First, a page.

The New Battle Lines with the Rio Verde Foothills Water Crisis Emerges: the City of Scottsdale v. Maricopa County

Photo Credit: Brian Hancock

For a few moments, we thought that the Rio Verde Foothills water crisis was mostly resolved. We thought we had turned a corner, and that an agreement had been largely agreed upon. But to the detriment of the citizens of the Foothills and to the benefit of the pundits who appreciate good stories to write about, the story is clearly not over. But the battle lines have clearly shifted and hardened recently.

Now we fully and publicly understand: it is the city of Scottsdale versus Maricopa County, and more specifically, Supervisor Thomas Galvin.

As recent developments demonstrate, Scottsdale city leadership is now fully coalesced behind their plan to restore and facilitate water delivery to the Rio Verde Foothills as demonstrated by a recent unanimous vote in favor of their plan.

But the vote doesn’t tell the entire story; the intrigue is in the details. For instance, Councilmember Solange Whitehead said in an email to supporters, “I believe (Thomas Galvin’s) rejection of the IGA fails his constituents on both sides of the (Scottsdale/Rio Verde Foothills) border and allows unregulated development to dig this water crisis deeper”.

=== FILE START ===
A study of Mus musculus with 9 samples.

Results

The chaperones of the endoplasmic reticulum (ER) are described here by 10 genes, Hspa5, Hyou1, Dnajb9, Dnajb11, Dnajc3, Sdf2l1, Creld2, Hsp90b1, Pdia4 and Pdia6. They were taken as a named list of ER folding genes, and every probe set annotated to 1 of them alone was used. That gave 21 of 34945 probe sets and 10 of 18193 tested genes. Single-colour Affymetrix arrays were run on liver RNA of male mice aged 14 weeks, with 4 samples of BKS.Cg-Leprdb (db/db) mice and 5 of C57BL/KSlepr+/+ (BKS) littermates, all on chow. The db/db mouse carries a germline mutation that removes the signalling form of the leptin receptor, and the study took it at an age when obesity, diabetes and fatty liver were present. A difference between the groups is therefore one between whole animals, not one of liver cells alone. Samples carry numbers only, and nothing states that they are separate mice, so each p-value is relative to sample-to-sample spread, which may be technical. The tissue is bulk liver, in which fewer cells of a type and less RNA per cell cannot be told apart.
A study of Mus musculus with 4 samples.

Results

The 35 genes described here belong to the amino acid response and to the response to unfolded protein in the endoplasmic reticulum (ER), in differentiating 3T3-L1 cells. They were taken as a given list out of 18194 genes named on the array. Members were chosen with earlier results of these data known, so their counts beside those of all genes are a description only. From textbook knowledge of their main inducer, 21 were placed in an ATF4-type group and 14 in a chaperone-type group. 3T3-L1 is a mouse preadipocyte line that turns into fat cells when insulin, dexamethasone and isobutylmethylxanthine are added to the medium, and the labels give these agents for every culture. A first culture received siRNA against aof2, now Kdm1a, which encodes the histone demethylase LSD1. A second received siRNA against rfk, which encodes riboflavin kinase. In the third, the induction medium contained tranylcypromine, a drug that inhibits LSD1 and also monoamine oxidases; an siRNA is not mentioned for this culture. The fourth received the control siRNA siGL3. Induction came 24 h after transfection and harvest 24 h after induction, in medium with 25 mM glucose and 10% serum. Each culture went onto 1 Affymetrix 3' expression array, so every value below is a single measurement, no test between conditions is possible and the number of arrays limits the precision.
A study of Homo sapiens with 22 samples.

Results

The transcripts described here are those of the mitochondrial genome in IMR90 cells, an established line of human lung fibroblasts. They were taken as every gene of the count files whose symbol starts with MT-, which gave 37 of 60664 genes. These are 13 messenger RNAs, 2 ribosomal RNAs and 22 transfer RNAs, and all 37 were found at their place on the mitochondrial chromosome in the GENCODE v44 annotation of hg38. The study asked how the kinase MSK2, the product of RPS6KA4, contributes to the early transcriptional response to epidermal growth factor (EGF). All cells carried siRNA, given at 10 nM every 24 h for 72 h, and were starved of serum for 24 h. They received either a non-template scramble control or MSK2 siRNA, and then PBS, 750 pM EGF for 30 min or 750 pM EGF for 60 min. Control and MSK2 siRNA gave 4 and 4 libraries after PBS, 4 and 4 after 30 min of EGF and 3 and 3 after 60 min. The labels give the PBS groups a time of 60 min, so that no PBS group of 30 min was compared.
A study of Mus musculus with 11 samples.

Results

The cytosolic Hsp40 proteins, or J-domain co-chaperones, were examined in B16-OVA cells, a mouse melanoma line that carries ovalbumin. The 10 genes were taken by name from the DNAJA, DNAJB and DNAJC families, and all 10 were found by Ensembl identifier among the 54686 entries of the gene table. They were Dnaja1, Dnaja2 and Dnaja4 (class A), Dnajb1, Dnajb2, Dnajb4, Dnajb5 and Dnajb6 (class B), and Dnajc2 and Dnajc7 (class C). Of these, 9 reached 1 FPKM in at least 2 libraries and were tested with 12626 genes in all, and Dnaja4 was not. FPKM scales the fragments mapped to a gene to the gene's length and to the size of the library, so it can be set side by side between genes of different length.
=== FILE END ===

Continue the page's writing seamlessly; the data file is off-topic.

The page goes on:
Furthermore, new councilmember Barry Graham is planting his own flag and demonstrating gravitas; in an email to the Executive Director of Scottsdale Water, Graham says “Fair to say this is difficult because it’d be an open-ended “water blank check” from (Scottsdale) since (Rio Verde’s) growth is open-ended?” To be an established member of the council dais is one thing, but for a new member to be asking difficult but pertinent questions about the facilitation of expectations and dependency is another development, one that is worth real consideration.

Along with the open-ended nature of Maricopa County’s proposal, all parties on the Scottsdale side seem to object to a specific part of the proposal from Maricopa County, and more specifically Supervisor Thomas Galvin: the mandate that the city work with Epcor, a third party water delivery vendor. Indeed, it does seem as though it is overreach (and has at least an appearance of cronyism) to mandate that the city use a particular vendor if others are able to satisfy the need. Considering that the work still needs to be done with the city, it is not a stretch to see a vendor mandate as being overly burdensome.

Regardless of the rationale, one thing seems clear: the city is putting on a united front. Mayor Ortega backing away from attempting to block any attempt at water facilitation was a wise move, and now he has a part of a consolidated battle against the county. As we come up towards an election year, it is in his best interest to not be on an island.